Wednesday Apr 01, 2015
Dear Payers: Unnecessary Visits Waste Patients' Time
One of the biggest health care challenges we face in this country is the combination of fragmented care and the siloing of different systems. I recently was reminded how important this issue continues to be.
During a recent clinic, most of my patients were logged in with notes related to their insurance rather than a medical need for a visit. Some of them were there for health maintenance per insurance, one was for a "diabetic check per insurance," and so on. Oddly, this was a group of patients that I had seen only a few months ago.
I asked these patients why they had come in, noting that I had not expected to see them so soon. (In fact, I had not planned to see them for a year, assuming they weren't ill.) Most of them said they had received phone calls from their insurance companies stating they needed to be seen for a health maintenance visit, but in reality, no such need existed.
Family physicians provide health maintenance during every visit, but we must make sure we code appropriately because, unfortunately, insurance companies often pay more attention to codes than to the actual care being provided.
As I reviewed their records, I realized that in my efforts to care for my patients, I had neglected to care for their charts by indicating an ICD-9 "V" code (e.g., V70.0, "Routine general medical examination at a health care facility") within the timeframe of the insurance calendar. However, each of these patients had indeed had health maintenance evaluations. When I had seen them in November, we had gone through the management of their chronic diseases, any acute issues, their biopsychosocial issues, and we had also addressed their individualized preventive services aspects -- all of the things that we routinely address.
Each patient had Physician Quality Reporting System measures checked and recorded, and I reviewed health maintenance and documented it clearly in the chart; however, as this was just a routine part of what I did, I was billing based on their medical disease management.
Despite their efforts, my patients had been unable to convince the insurance representatives on the phone that they had actually covered all of these issues. In fact, one patient who came to me for a diabetic check per insurance does not even have diabetes, and so this was another issue I documented.
Rather than calling patients -- who reported that they felt "harassed" by the payers -- it would make more sense in a nonfragmented system for insurance companies to call physicians so we can review what care has and has not been offered and provide any necessary information. My hope and ideal would be that all payers look for ways to connect with physician offices or, better yet, implement a system that would note the checkboxes that indicate the appropriate health maintenance measures were indeed done without the V code.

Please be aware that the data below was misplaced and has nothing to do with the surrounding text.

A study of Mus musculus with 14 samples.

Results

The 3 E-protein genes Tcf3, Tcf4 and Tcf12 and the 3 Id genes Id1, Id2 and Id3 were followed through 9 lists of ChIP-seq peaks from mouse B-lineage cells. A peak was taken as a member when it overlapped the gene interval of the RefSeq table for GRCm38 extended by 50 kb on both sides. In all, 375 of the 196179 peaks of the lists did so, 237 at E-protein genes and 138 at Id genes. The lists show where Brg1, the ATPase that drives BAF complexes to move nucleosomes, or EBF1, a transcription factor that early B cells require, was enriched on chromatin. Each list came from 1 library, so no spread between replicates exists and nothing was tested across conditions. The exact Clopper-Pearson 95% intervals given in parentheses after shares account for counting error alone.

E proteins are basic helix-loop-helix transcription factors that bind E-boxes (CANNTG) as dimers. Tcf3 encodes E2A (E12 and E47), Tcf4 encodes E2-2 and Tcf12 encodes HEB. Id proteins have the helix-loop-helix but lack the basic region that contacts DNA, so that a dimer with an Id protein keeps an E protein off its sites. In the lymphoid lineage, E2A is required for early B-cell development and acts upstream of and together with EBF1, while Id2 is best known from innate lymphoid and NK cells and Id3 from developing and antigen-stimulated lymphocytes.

Better and easier communication with payers would benefit patients and physicians and help payers avoid unnecessary costs. Several of the affected patients had Medicare, but when I tried to call that payer I was unable to get a real person on the phone. The patients did not have any related paperwork with them, so I couldn't identify a direct help phone number. So, we covered whatever clinical issues needed some attention. Then, without really requiring anything specifically for the health maintenance, I diligently coded V70.0s and documented the previous discussions in their charts.
The sustainable growth rate formula legislation that passed the House last week includes steps to consolidate performance measures in an effort to decrease administrative burdens. It would be helpful if interoperability existed that would allow immediate tracking when such measures were done anywhere in the health care system. Although we have made some progress, there is still a great deal of work to be done.
One of my favorite quotes lately is, "It is not patient-centered until the patient says that it is patient-centered." Forcing patients to make unnecessary office visits certainly misses the mark.
Reid Blackwelder, M.D., is Board chair of the AAFP.
Posted at 12:22PM Apr 01, 2015 by Reid Blackwelder, M.D.